All photos by Brooke Smith/reposted with permission
As an unhappy teen growing up in Rockland County in the 1980s, Brooke Smith found solace riding the 9A bus into the city.
Once here, she'd take the A train to West Fourth Street. One day decided to keep walking on Eighth Street into the East Village and onto St. Mark's Place.
Here, she found her home, a place where she felt as if she belonged. Smith, now based in Los Angeles, has made a name for herself in films (Buffalo Bill's plucky would-be victim in the Oscar-winning "The Silence of the Lambs") and television ("Grey's Anatomy," "Ray Donovan").
While preparing to move about 12 years ago, Smith found a cardboard box full of the photos she took in the 1980s while part of the punk/hardcore scene on the Lower East Side. This discovery eventually led to a solo show at Primary Gallery.
These photos are the subject of a new photo book, "Sunday Matinee," which features hundreds of photographs of the East Village in the mid-1980s and bands such as Bad Brains, Agnostic Front, Cro-Mags, Murphy's Law, Warzone and others. There are also recollections by band members and others involved in the scene.
What initially compelled you to venture down to the city as a teen?
I was very much an outsider in my hometown and high school. I was overweight and listened to WFMU radio a lot — punk and alternative music, which no one in my school was into. My mom worked in the city, and I started going in with her as a child.
By the time I was 13 or 14, I felt comfortable enough to take the bus alone to the GW Bridge and then the subway downtown. Initially, I got off at West 4th street and walked around, but I soon felt compelled to go further and further east. I loved St Mark's Place and I met people in the East Village and eventually wound up at CBGB. Later, I got a job as the bag check girl at Trash & Vaudeville and then did the same thing at The Ritz.
I started meeting people and making friends... and you know how you just know who ‘your' people are when you meet them? I mean, like you recognize them? That’s how it felt, like coming home, genuinely.
The East Village felt like it belonged to us. It was a bit like the Wild West back then, and it felt like there was always a possibility in the air. We didn’t have cell phones then, so you had to get out and find people.
You carried a Minolta with you. When did the interest in photography come about?
Photography was one of the only classes I liked in high school, so I always had my camera with me. Plus, I wasn’t comfortable in my own skin, so even if I wanted to be a lead singer or a musician, I was too insecure. Having my camera meant I could hide behind it but still be right up in the center of the action.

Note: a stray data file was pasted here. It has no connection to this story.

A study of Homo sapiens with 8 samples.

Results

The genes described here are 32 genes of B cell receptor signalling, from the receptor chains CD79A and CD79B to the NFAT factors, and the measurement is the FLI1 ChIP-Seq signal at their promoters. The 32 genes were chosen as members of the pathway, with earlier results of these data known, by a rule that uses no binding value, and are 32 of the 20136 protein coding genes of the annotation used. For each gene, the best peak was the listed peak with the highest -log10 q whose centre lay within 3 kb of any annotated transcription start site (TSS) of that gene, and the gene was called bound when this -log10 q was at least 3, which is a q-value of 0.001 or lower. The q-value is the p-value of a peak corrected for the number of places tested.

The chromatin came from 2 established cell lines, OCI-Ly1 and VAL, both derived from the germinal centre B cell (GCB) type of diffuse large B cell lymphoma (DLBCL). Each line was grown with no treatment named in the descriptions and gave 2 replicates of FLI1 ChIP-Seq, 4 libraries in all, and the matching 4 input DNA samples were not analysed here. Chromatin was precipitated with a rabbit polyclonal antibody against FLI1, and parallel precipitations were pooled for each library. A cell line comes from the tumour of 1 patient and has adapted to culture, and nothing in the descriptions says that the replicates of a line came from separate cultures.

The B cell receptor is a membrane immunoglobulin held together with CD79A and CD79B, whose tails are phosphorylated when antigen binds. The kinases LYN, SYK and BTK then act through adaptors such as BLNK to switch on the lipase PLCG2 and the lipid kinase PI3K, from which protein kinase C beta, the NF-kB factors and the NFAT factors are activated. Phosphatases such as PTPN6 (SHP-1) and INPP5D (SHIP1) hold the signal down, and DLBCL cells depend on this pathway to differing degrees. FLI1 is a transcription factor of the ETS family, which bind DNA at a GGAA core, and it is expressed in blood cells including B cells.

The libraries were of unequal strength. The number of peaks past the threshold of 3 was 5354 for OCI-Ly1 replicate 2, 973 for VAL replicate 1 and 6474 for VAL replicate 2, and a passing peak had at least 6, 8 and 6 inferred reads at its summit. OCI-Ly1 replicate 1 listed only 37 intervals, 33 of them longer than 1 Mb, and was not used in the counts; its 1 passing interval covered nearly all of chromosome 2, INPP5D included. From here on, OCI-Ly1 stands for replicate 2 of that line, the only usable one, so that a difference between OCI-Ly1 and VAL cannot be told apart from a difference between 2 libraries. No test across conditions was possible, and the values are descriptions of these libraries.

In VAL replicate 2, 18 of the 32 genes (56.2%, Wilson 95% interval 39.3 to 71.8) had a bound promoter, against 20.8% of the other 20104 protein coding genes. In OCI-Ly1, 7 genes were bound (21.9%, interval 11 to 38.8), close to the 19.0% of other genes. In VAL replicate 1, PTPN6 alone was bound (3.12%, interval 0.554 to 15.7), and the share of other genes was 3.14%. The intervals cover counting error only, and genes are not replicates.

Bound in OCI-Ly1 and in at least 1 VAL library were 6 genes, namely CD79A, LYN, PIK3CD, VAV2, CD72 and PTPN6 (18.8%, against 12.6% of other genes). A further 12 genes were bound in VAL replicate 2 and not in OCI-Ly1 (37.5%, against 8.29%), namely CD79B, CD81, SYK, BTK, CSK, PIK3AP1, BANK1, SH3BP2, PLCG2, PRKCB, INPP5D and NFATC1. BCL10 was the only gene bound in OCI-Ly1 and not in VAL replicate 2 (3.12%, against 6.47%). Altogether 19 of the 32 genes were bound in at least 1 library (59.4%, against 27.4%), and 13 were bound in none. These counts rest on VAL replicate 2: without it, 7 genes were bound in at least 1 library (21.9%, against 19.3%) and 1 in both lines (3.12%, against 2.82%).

The people in the portraits on the streets and sidewalk look at ease in front of your camera. Were you known in the hardcore community as someone always taking photos? Did it take a while for you to build up the confidence to approach people?
It did take a little time. I only took portraits of my friends. Back then, when people used to drive by CBGB or Tompkins Square Park and try to take photos of us punks, we would always make them pay us! I think I was known as someone who was always taking pics, along with Amy Keim and BJ Papas, and a few other women in the scene.
I loved it all. And all those people in the photos, so many of whom are gone. I remember late nights when we would all hang out with the homeless in Tompkins Square and have bonfires in those mesh garbage cans and share our stories with each other. It was a real neighborhood, and I can remember so many of the characters… everyone from Ray — who’s still there at 90, serving the best shakes and egg creams in NYC — to that guy who would always cover his face with a newspaper if you tried to make eye contact.
I remember exactly when I felt it was time to move on from the scene. I was at the pizza place on St Mark's and Avenue A with these new kids I'd just met. I explained to them that my little brother had died in a surfing accident a week before, and I just remember feeling, at that very moment, that my time there was done. It was time for me to grow up.
There was no separation between audience and performer. It was our scene, and we were doing it for ourselves, not to get rich or famous. So I think that helped me. I learned to trust my instincts as an artist, and to stay true to myself and to always be authentic.
What do you hope that people take away from "Sunday Matinee"?
It’s a love letter to that time and place and especially those people. I hope people get the message to be themselves. Don’t try to fit in. If you can find a group of people, or even just one other person who shares your interests, you can create whatever you want.